Looking for heroes and villains in a complicated world

“Every generation throws a hero up the pop charts.”
That ear-worm wisdom is from The Boy in the Bubble on Paul Simon’s album Graceland.

I am amazed it came out in 1986. While I hesitate to say what any poem or song is about, each time I listen to that one, it feels like Paul Simon is talking about our current world, in which media sources serve up a never-ending buffet of alternatively horrifying and ridiculous images, with only the faintest flavour of hope. It feels like we are always feeding at the buffet and leaving hungry.

“Staccato signals of constant information

A loose affiliation of millionaires

And billionaires and baby

These are the days of miracle and wonder”

The more we see, the more we know just a little bit about, the more voices we hear telling us how to think about the big and small events in our world, the harder it becomes to not be overwhelmed.

Paul Simon says, “Don’t cry baby, don’t cry. Don’t cry.”

But back to the “hero” thing. I think that’s about the small and tired part of my brain that just wants somebody to make things better. I think we saw that desire working six years ago. A man with zero political experience or skill got elected as the American president by making two simplistic assertions. He said, repeatedly, “Everything is a mess!” and “Let’s make it great again!”

He attracted support among people who could almost always agree that “something needs to be done!” That he did not have a workable plan and that his message appealed to a variety of groups who might not agree on either the nature of the problems or the best solutions, was irrelevant. He tapped into a deep sense of dissatisfaction, frustration, hopelessness.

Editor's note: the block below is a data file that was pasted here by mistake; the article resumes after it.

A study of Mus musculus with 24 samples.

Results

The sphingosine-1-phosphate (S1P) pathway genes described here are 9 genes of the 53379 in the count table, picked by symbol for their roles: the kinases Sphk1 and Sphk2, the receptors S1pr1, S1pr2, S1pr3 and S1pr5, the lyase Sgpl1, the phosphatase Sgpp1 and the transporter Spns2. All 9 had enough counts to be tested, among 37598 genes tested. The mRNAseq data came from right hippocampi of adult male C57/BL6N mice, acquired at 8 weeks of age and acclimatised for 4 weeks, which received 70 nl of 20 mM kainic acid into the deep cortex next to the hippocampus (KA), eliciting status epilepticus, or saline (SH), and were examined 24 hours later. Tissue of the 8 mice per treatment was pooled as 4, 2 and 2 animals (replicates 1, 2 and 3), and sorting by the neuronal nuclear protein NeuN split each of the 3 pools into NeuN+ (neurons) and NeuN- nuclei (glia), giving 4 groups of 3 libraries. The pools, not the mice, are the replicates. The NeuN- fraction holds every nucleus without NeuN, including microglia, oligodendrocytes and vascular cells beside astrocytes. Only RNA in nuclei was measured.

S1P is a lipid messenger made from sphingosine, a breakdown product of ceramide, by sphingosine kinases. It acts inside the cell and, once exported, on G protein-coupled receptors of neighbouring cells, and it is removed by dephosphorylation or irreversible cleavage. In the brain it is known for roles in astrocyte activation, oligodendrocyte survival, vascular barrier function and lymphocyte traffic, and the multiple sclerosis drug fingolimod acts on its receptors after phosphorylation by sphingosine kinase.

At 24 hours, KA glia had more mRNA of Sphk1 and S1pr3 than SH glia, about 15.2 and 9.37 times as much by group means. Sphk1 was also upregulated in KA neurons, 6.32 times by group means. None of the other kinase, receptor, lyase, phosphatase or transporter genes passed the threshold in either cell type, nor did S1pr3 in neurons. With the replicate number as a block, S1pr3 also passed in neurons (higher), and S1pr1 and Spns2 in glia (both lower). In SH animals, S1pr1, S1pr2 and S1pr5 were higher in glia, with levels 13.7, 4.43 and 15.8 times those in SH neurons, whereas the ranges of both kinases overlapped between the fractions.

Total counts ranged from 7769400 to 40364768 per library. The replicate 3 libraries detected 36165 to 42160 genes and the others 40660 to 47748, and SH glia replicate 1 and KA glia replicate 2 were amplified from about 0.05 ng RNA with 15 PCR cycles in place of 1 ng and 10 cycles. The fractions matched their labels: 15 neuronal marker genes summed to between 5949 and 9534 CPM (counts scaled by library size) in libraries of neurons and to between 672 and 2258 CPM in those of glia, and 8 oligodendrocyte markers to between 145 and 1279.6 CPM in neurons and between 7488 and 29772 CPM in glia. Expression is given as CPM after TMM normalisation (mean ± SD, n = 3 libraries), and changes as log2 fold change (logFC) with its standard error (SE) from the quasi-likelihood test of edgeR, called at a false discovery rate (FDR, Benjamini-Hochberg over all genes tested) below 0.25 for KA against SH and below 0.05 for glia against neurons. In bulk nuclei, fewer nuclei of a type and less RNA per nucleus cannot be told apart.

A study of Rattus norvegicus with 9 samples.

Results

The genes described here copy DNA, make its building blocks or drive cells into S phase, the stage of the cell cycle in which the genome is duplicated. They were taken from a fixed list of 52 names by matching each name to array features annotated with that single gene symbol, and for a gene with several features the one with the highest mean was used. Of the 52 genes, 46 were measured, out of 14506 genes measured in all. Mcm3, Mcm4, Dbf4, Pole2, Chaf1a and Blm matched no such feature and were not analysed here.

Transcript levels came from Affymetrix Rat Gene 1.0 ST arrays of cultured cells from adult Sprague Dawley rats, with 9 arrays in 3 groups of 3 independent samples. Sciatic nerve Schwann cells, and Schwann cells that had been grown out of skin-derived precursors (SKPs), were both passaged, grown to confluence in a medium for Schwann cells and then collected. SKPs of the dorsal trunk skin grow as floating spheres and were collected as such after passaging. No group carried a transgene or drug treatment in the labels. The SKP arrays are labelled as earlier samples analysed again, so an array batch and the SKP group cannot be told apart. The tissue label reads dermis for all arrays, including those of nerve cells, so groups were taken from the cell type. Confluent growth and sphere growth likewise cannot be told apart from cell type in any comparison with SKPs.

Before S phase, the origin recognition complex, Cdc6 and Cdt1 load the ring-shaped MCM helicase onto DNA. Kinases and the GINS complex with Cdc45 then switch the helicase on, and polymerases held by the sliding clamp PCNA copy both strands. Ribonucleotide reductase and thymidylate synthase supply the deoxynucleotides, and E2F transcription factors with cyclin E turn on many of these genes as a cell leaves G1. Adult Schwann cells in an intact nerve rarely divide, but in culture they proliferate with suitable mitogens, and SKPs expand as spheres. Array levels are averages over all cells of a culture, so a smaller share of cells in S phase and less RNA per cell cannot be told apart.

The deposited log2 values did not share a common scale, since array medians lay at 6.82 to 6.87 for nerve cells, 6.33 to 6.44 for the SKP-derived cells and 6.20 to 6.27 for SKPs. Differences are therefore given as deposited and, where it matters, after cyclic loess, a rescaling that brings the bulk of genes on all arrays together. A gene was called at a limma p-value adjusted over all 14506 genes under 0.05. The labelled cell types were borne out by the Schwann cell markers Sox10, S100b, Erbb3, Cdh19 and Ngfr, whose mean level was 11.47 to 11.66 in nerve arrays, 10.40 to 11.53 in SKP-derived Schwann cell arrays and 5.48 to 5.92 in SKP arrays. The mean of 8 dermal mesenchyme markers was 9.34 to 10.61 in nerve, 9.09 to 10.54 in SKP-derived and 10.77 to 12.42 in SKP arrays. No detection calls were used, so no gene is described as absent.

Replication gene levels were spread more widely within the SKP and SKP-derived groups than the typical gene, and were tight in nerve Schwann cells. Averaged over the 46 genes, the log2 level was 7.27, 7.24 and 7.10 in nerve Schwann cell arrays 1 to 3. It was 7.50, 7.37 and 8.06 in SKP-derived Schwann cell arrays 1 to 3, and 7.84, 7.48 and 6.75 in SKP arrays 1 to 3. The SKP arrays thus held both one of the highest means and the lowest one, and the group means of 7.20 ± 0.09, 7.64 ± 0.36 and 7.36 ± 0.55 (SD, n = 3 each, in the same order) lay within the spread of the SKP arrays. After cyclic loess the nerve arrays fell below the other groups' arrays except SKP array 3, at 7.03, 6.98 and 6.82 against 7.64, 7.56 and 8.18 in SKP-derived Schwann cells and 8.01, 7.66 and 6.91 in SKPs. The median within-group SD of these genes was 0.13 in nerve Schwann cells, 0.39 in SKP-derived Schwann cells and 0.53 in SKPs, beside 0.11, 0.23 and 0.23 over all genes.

This is not about logic, or actual fixes to complex problems with many moving parts. This is about being hangry. “Hangry” is a gorgeous made-up word that carries the best, or the worst, aspects of hunger and anger.

Picture the toddler who is done with trying to build the wooden block tower, sweeps a little fist across the rickety structure and, with a petulant scream, topples it all. They release all their frustrations and feel better, if only for a moment.

Wouldn’t it be lovely if someone would appear who seems to understand our fears and worries and deep distress and personifies our inner desire to “knock it all down”? A larger-than-life figure who can say and do things that our inner toppler of towers can only dream of doing.

That’s the kind of hero I think our neighbours to the south threw up their political pop charts, and I get it. I think we’ve seen some of the same thing happening in the last little while, with the Freedom Convoy. It’s easy to throw the organizers, and ordinary truckers, up the pop charts as our new heroes. We are hungry for things to be better.

As easy as it is to throw heroes up the charts, it’s even easier to start throwing things at villains — or those we label as villains.

I don’t vote Liberal. But I also don’t find it helpful to wave the middle finger at our prime minister, and make very personal and rude comments about him.

These two deep desires: to be saved by our latest new hero, or to tear down the person we name as the villain, are actually rooted, I think, in the same “hangry” toddler part of our personalities.

After my snack, or my nap, or my time out to listen to some good music — maybe more Paul Simon or Dolly Parton — I can come back to my mostly grown-up self. I realize I don’t want to invest in any one person, hero or villain, the kind of broad and sweeping power they would need to tear things down and build them up again as quickly as my impatient self would like.

Darrow Woods is the pastor at Harrow United Church. He lives in Kingsville.